Monday, August 31, 2015

Track Training for the Bow Season

Twelve days until the beginning of bow season and the start of Sparta and I's first season of tracking wounded game together.  The closer we get to the beginning of our first season and the more realistic I try to make our training, the deeper my understanding of how this will be a truly team effort.

I am more excited about this season than any deer season since my first.

Thanks to United Blood Trackers our name will be available to hunters in the area.  I have also received some good training advice from the members of that organization.

Still even the best teams have a success rate of about 50%, and that is based upon the calls they actually go out on.  The search really begins when doing a phone interview with the person wanting to call in a dog to find their deer.  There are calls where it is worth no one's time or money to even head out.

But even once you get out, even if you're dog is great, there are plenty of unknowns.

The science of scent is far from complete.  There is plenty that we do not know.  Take two sample tracks from my own dog run a week apart.  The first had me ecstatic and ready to take on the world.  The second left me feeling defeated and doubtful.

Now even the second track doesn't look that bad.  We followed the trail for a long while, but in the real world deer do not leave colorful markers to let you know you are on the right path.  Owing to the amount of blood that I used on the track and the light drizzle we'd received after I laid it (good for scent but not necessarily for visual identification), I doubt there would have been much visual sign to confirm we were on the right track.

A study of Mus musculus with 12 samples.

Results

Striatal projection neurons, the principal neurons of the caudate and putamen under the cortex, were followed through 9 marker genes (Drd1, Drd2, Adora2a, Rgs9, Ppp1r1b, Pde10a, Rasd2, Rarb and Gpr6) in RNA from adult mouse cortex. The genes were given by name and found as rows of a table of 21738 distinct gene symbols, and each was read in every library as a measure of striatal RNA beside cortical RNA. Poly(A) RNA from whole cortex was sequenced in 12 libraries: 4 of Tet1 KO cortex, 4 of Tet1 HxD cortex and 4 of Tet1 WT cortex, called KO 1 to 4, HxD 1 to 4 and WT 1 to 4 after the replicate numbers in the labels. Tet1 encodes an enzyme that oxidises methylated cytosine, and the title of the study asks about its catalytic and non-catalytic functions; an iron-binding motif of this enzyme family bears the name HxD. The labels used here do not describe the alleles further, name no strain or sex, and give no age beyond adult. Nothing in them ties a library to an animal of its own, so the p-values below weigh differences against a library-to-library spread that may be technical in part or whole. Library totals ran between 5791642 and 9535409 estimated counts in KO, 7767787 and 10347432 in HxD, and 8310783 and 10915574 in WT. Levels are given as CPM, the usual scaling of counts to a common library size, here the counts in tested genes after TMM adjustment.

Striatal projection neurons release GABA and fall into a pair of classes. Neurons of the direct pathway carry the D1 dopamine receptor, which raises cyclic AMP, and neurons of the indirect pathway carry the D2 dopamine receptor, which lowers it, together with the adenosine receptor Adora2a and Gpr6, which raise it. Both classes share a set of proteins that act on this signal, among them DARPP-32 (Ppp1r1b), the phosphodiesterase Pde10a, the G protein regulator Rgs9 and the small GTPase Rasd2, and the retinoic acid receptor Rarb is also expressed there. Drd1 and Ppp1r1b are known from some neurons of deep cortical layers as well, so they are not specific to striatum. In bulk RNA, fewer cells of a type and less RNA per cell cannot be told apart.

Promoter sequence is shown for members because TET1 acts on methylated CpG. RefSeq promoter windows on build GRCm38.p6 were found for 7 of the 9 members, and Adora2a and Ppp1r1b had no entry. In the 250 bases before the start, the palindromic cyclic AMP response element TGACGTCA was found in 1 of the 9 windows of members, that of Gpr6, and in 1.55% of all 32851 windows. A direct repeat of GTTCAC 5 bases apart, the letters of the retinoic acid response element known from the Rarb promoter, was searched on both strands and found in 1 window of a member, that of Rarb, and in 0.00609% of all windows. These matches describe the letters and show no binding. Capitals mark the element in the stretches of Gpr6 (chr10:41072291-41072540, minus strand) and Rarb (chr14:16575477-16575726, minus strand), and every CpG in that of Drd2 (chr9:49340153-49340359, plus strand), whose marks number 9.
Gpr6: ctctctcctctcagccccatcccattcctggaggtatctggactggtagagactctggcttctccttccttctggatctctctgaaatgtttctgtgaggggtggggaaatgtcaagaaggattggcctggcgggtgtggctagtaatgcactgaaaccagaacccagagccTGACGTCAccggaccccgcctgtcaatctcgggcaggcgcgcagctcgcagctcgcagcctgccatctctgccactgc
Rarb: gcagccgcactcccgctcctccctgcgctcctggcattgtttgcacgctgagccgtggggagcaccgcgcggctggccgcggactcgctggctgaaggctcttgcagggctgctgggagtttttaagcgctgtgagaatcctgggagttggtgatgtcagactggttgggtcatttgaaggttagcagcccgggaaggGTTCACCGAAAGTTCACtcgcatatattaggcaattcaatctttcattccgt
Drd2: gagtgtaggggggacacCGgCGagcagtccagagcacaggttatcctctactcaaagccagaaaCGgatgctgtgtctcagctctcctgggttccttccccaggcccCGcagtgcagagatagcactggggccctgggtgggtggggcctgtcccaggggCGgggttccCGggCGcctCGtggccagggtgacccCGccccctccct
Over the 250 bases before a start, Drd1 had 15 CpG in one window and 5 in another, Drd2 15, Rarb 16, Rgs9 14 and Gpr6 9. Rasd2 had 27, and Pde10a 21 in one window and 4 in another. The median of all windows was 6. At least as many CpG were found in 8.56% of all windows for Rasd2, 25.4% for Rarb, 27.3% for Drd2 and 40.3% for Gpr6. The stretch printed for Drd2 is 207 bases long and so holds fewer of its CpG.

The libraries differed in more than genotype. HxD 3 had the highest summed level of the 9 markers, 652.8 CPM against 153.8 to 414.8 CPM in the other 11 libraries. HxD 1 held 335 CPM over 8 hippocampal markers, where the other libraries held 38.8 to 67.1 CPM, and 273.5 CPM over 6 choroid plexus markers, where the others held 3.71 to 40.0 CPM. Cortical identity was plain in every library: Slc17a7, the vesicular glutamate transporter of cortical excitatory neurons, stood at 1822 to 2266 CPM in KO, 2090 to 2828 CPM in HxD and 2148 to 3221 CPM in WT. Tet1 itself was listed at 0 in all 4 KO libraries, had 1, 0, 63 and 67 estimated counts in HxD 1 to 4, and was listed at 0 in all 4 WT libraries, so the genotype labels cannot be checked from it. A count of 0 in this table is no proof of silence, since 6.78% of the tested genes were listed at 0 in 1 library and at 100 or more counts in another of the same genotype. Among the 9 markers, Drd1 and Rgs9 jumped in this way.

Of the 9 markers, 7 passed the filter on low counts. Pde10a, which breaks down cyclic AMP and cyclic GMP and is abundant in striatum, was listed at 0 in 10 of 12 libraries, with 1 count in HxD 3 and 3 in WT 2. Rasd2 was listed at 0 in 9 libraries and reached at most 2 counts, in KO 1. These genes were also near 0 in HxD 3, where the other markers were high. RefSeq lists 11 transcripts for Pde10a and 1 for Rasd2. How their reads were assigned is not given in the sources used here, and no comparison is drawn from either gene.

In other words, on that second track not only would we have not found the deer, we may have never known with certainty that we were actually on the track.

I have hopes as well as doubts.

Sparta has only tracked artificial lines and while she is happy to do it to please me (and for the deer parts waiting for her at the end), I suspect her high prey drive will improve her performance when she realizes there we are tracking a real "thing that needs to die."

She will experience more in a real track than our blood laid mock ups.  It won't be my sent mixed in with cattle blood, it will be a wounded animal blowing off  hormones indicating stress and pain.  Dogs, properly trained, can detect low blood sugar, how much easier should it me for a dog trained to kill to identify a collapsed lung?

Still, I am excited at the approaching season and Sparta has loved the training so much that I can't wait to see her on the real thing.  Hopefully, photo's of her and found deer will be forthcoming.

For now, here is a video from that successful track.